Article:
This blog was written by Jane Werry, Director of Music at Hayes School.

As music teachers, we have a lot of things that set us apart from teachers of other subjects. Our subject is invisible, and exists only in real time – it can’t be put into a book, or written on. Music involves a huge variety of skills and knowledge, which makes teaching it a fascinating but complex business. Music teachers are often expected to put on a whole host of extra-curricular activities, which act as a shop window for the school, on top of teaching huge numbers of students. Sometimes they have to contend with senior leaders who want them to do things in the same ways that other subjects do. Many music teachers have to fight for timetable time, rooms, funds, or the very existence of music in their school. And often they do this alone, in a department of one.

A sense of isolation – even in schools where there is more than one music teacher – can lead music departments to feel as though they are constantly reinventing the wheel. Just to know that others are dealing with the same things offers some solace, but to be able to share ideas and experiences directly is a lifeline.

This is where Music Excellence London comes in. Bringing together the excellent work already done by the Peer to Peer and Teach Through Music programmes, it provides a channel of communication for music teachers, so that ideas can be shared and classrooms can benefit. The team of Teacher Advocates from all over London will be at the centre of providing peer to peer support, hosting webinars and TeachMeets, and contributing to our online community.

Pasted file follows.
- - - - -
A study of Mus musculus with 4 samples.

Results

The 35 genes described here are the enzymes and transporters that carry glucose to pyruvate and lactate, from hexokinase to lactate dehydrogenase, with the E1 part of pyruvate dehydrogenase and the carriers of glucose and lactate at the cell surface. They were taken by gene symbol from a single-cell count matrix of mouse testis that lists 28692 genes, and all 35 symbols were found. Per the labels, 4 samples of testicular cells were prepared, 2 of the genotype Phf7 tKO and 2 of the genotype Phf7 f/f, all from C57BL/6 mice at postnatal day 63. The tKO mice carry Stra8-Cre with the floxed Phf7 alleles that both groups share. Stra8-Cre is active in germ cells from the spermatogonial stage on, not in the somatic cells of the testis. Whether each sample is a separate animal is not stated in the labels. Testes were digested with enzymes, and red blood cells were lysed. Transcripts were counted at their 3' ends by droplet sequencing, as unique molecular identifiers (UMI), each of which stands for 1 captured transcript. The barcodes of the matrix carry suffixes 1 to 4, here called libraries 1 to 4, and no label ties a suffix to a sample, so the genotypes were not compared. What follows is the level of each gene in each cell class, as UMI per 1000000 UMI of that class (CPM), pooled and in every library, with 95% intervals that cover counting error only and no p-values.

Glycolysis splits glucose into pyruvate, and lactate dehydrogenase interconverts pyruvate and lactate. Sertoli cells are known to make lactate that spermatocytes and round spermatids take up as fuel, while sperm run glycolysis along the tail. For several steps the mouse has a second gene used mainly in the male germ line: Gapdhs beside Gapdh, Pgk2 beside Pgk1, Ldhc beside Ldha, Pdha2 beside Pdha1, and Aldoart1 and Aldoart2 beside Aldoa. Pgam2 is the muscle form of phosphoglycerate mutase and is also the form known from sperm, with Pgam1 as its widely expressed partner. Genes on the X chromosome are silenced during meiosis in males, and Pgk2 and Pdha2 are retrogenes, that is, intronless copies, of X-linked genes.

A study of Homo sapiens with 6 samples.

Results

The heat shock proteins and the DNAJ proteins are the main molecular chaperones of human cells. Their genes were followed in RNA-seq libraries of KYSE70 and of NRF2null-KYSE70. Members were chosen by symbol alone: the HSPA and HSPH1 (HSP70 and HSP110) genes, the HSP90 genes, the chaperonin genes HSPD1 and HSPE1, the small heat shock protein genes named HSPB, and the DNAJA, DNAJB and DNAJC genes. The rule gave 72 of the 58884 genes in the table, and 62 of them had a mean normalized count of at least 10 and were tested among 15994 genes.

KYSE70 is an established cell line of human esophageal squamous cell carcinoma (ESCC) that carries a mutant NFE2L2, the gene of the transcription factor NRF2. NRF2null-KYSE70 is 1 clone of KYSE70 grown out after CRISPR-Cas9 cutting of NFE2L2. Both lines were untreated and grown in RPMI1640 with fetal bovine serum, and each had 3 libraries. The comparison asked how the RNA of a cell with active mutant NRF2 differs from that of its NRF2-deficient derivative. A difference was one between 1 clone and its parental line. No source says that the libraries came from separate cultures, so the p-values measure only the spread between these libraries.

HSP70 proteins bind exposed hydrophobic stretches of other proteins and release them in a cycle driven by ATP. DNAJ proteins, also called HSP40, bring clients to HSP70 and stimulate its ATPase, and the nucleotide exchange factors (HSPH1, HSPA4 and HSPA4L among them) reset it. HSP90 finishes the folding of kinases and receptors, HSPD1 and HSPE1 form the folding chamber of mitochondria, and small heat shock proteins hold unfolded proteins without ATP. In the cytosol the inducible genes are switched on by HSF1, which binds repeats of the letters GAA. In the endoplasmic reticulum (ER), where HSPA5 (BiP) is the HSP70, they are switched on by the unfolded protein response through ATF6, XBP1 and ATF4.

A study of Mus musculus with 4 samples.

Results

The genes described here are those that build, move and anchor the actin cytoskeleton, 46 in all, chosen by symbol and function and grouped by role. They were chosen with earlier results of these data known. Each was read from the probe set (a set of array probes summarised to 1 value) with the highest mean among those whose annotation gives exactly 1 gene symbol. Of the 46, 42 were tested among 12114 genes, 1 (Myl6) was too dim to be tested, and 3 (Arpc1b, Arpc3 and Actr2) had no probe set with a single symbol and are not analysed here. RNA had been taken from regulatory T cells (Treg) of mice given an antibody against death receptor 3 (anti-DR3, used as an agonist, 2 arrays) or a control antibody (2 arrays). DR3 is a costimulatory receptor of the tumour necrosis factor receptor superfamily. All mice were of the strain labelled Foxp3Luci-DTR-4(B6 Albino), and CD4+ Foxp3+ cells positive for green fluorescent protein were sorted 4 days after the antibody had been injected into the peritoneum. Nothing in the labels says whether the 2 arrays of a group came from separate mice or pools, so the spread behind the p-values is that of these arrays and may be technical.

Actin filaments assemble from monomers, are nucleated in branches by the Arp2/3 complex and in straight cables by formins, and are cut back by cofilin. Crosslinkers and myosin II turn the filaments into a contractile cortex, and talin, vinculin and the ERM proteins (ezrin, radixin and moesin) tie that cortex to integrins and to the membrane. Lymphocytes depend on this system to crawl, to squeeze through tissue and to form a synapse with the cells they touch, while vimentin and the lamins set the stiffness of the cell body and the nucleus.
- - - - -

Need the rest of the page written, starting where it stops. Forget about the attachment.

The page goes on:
Teacher Advocates do not pretend to have all the answers, but are practising London music teachers facing the same challenges as everyone else. We know that there are great ideas and opportunities out there, and knowing about them can only help music teachers with their teaching and in their working lives. For myself, I am excited about the prospect of music-specific TeachMeets and webinars as forums for sharing ideas and learning new things.

Whether these are ideas that I can try out in my own classroom the next day, something that will help me run my department better, or stick up for music in my school, sharing them can only be a good thing, whether this is face to face or via online forums. They might be great ideas for a scheme of work, a lesson activity, a way of teaching something, or something much more prosaic like a fundraising idea or storage solution. I, for one, am excited about the prospect of learning new things that will be of benefit to me, my students, and music in my school.